Banks face the Gen Z digital challenge

- By Collaborative Media & Publishing
The current era of rapid technological innovation is carving a deep generational divide that will force banks to find new ways to connect with younger customers.

Pete Kooner, who leads Australasia for Zafin, a product and pricing software provider for banks, says Generation Z (born 1996-2010) and Millennials (born 1982-2004) have grown up surrounded by technology which has changed the way they connect to the world.

"Their bank branch is essentially an app on their phone – and they can delete it and quickly switch to another bank," he says.

New FinTechs, including digital neobanks that predominately communicate through apps, threaten to lure away the next generation. Younger customers also have strong relationships with big tech companies that are increasingly encroaching on the payments sector, according to research by Merchant Machine.

Chloe Combi, who interviewed more than 3000 teenagers for her book Generation Z: Their Voices, Their Lives, told the Sibos 2019 conference that this is the first generation to have a viable alternative to banks.

"They were children after the 2008 crash and they thought that their lives had kind of been blighted by this thing. So I think with Gen Z there's much more faith in tech than there is in a bank – perhaps unfairly, but that's the reality."
Coronavirus creates new digital imperative
Sharply rising house prices in the years before the coronavirus pandemic played a key role in forcing younger Australians to buy their first home much later in life, according to research by the Grattan Institute.

The current Covid crisis is making the situation worse. Youth unemployment rose to 16.1% in May, up from 11.6% in March, while more than 20% of Australian workers aged 15-24 are underemployed, according to Grattan.

Despite the sharp economic downturn, Kooner says the risks are too great for banks to slow down the digital transformation projects that will be required to reach a technology-driven younger generation.

"This generation is very tech savvy and a lot more comfortable giving out personal information than previous generations. It's a great opportunity for banks to accelerate their digital transformation programs so they can build that relationship with personalised offerings."

The digital banking experience has become even more important after a lengthy lockdown prevented many face-to-face branch interactions. However, multiple legacy IT systems remain a key challenge facing banks' attempts to personalise offers through digital channels.

They are increasingly turning to smaller, nimble FinTechs according to Kooner, or building similar capability in-house to speed up the process.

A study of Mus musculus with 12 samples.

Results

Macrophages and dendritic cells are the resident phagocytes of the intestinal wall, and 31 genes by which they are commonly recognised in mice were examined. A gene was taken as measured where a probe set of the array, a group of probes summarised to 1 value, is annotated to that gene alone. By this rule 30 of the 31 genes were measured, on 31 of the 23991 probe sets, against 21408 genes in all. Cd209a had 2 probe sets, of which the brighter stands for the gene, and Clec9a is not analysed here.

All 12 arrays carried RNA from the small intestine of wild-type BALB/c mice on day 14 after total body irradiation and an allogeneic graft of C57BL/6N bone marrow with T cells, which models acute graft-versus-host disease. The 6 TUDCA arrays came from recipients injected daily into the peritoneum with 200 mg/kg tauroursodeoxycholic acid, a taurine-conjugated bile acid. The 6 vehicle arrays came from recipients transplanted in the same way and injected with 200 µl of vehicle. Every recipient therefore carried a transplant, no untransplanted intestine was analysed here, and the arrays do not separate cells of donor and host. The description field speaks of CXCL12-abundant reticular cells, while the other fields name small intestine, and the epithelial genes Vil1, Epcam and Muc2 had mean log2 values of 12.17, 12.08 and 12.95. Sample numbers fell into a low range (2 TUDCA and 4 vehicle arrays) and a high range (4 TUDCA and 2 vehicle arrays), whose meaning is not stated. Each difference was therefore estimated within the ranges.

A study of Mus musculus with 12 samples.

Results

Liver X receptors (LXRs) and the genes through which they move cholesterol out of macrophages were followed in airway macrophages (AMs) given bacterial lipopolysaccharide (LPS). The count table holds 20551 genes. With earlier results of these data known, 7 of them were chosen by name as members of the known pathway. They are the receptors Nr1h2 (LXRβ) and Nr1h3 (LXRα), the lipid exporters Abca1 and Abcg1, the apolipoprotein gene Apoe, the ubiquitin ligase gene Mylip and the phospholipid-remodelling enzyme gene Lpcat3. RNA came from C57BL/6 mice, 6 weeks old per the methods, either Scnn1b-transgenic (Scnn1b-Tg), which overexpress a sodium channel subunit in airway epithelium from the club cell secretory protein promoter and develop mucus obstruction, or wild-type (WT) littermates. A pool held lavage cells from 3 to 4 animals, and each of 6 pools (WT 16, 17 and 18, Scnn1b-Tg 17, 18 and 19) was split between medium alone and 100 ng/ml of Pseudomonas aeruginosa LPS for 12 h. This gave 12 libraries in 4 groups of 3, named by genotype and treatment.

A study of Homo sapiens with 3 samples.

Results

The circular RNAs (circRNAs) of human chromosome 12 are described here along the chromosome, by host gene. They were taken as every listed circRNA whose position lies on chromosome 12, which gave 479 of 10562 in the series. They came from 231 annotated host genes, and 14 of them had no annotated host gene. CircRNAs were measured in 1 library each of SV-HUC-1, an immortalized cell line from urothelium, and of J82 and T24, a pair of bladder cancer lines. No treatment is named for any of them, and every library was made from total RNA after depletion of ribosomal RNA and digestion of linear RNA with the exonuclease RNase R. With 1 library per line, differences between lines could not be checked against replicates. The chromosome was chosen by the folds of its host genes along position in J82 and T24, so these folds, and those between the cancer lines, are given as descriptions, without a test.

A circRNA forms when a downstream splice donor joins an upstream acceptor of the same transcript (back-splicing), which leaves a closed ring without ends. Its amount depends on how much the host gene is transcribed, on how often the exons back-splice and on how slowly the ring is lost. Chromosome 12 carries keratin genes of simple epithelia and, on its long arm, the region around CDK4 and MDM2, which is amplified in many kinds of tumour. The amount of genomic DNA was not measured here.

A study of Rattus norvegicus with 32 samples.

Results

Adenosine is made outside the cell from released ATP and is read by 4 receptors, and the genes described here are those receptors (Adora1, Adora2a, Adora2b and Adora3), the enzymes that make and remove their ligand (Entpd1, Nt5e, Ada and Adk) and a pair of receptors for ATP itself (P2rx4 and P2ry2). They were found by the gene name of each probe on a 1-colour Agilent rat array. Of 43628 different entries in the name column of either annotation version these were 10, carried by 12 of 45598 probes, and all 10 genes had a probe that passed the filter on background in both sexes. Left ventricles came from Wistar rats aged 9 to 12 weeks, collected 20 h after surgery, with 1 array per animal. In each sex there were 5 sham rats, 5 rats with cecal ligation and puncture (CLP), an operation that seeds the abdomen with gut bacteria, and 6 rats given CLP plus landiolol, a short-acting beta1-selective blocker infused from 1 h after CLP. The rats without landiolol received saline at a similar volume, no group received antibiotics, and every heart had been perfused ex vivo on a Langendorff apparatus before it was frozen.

Open banking set to change the landscape
The launch of open banking – which gives consumers greater access and control over their data – is also set to change the landscape. The eventual introduction of ‘write’ access alongside 'read' access will enable customers to direct third parties using APIs to apply for and manage products and services on their behalf.

"It can take months to get the financial statements needed to change a home loan," Kooner says. "But with open banking an accredited FinTech could make that simple – click a button and that information can be provided to another bank who can approve the loan."

Open banking falls under the consumer data right (CDR) legislation, which will bring together an even wider array of personal data including from utilities and telcos. It's not hard to imagine trusted digital businesses with high engagement, such as ridesharing or delivery apps, using personal data under the CDR regime to offer new services based on customer spending patterns.

A recent report by KPMG and CBA (The Future of Digital Banking: Banking in 2030) predicts a move towards ‘platformication’, where banks allow customers to choose personalised services from a range of providers.

"Banks of the future will rely on their trusted brands to develop ‘lifestyle layers’ to compete in the platform space, orchestrating ecosystems of fintechs and other providers for consumers and small businesses," the report said. "If banks are not leveraging these capabilities, they face the risk of other brands stepping in."

However, not all strategies to reach Generation Z need to rely on new technology. Late last year, Barclays launched its free Money Mentors program, which provides a personalised 45-minute mentoring session to everyone, not just Barclays customers.

"As a bank with over 325 years of history, we've got the full suite of banking products that some of our competitors maybe don't," Barclays UK Digital Product Manager Joanna Harris said at Sibos 2019.

"We can offer mortgages, current accounts, investment savings – all of that. What we're working on is new ways to help Gen Z and younger customers to access that."

BPAY Group provides a range of services and APIs that can help businesses make life simpler for their customers. For more information visit www.bpaygroup.com.au

This article represents the views and opinions of the author and do not necessarily reflect the opinions of BPAY. Published by BPAY Pty Ltd.  BPAY payment products are offered by over 150 Financial Institutions. Contact your Financial Institution to see if it offers BPAY payment products and to get the terms and conditions. This is general advice – before using BPAY payment products please review the terms and conditions and consider whether BPAY payment products are appropriate for your personal circumstances.